On first listen, Iceage is unpredictable and it is impossible to stop listening. Each component sounds remarkably messy. Singer Elias Bender Rønnenfelt is not easily understood and his vocals can sound as if they were recorded drunk at times. Rønnenfelt’s lyrics are less important than how his words create an atmosphere, an atmosphere that is always dark. There are several other layers that don’t seem like they would fit together yet gel quite well. The guitars are muddy and messy, the brass instruments sound straight out of New Orleans, and the drums are methodical and driving. The first listening experience is disorienting and beautiful.

On a second listen, some songs start to get old. Some of the simplistic guitar riffs (which are necessary to compliment the multitude of instruments) feel repetitive and stale. The album loses its unpredictability after one listen and some tracks like “Pain Killer” and “Thieves like us” lose their magic and sound like a drunken band from a saloon in the 1800s. That aesthetic can get tedious fast.

But some tracks feel dangerous and unpredictable long after the first encounter. “Catch it” could play on repeat for hours and I wouldn’t complain. There are numerous instruments and layers such that there is always something to focus on each subsequent listen. There are moments of satisfying harmony put next to seeming randomness. Though it makes no sense, I could swear that Rønnenfelt’s vocals were syncopated from the rhythm of the drums, but listening closer, I found that he was singing perfectly in tempo. This is perhaps Iceage’s greatest strength on the record. They can be perfectly in tune and tempo, but sound completely disorderly.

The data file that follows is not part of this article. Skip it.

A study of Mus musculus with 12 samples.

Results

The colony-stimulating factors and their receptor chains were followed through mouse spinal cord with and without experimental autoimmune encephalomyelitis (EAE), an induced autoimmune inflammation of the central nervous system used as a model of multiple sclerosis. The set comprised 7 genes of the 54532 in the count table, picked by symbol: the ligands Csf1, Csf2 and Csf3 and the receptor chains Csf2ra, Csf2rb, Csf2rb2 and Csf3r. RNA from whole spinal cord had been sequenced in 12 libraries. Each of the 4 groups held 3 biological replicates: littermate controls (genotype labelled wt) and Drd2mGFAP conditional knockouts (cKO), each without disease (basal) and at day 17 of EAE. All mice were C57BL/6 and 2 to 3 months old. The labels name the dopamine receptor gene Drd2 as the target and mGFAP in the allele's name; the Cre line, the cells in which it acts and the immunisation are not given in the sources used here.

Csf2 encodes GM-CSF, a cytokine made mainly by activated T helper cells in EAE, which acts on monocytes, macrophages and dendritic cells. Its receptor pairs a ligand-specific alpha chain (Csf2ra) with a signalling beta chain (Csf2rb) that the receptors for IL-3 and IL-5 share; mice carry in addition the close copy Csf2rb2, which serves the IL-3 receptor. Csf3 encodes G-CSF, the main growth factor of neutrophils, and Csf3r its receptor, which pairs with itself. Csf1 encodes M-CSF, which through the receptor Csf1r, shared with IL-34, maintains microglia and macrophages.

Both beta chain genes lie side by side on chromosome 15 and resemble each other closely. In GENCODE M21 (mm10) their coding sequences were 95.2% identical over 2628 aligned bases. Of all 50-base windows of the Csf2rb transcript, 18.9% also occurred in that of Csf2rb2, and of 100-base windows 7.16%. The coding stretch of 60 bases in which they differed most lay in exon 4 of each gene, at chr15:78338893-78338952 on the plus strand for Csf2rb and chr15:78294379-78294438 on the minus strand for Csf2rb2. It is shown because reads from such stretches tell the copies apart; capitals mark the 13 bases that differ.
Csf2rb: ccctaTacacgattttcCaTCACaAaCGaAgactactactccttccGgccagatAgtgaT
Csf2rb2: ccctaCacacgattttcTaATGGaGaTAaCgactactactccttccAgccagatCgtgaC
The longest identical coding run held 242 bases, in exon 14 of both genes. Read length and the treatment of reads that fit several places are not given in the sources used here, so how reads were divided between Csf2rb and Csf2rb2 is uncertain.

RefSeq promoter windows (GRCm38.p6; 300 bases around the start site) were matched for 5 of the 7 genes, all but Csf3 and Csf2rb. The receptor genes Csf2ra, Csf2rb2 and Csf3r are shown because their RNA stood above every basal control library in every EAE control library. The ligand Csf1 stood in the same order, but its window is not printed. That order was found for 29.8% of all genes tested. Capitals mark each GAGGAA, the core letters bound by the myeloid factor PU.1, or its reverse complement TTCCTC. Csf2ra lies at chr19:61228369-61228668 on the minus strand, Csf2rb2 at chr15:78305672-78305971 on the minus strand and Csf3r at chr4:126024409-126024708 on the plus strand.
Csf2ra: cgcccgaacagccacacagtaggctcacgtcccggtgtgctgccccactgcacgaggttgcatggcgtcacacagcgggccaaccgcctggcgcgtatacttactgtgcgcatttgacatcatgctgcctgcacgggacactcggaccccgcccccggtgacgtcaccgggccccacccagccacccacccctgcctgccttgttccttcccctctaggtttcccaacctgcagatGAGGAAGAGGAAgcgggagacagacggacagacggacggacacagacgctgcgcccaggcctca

Another track on the album, “Take it all,” layers drums, guitar, brass, and violins to make a rich world of sound. Rønnenfelt comes on top of all of this with legato, ambling singing. Like “Catch it,” this track is easy to listen to more than once. “Take it all” is more like a ballad, however—an epic moment on the album.

It’s hard to place the musical influences of the band for this album. There is obviously a punk inspiration in the DIY aesthetic of the sound. The vocals and messiness of the instruments also reflect their punk rock roots. But there is a catchiness and repetition reminiscent of pop. Some of the guitar riffs sound like an old rock band. Other times the guitars powerfully drive in a direction more akin to grunge. The brass elements on the album are jazzy and reminiscent of Neutral Milk Hotel. The most glorious moments on the album are when it sounds like a darker rendition of In the Aeroplane Over the Sea.

The greatest take away from Beyondless is the beauty created in disorder. Modern songs are often clean. The recording is pristine, and the band doesn’t make a single mistake. Live performances are often more engaging because the audience is reminded that humans are behind the music. Every instrumental trip-up or voice crack reminds us that the musicians are real people rather than automatons programmed to play music. Because of this, the moments in live music where everything comes together perfectly are much more powerful.

Iceage takes this to the extreme. All the sloppiness on the record is meant to be there. It’s easy to see where every element in the music was put together. The instruments are messy and the vocals are all over the place, but the music is so gripping because everything keeps coming together. Iceage achieves some moments—amid the dirty, messy cacophony—that are truly beautiful.


Connor Aberle can be reached at caberle@wesleyan.edu.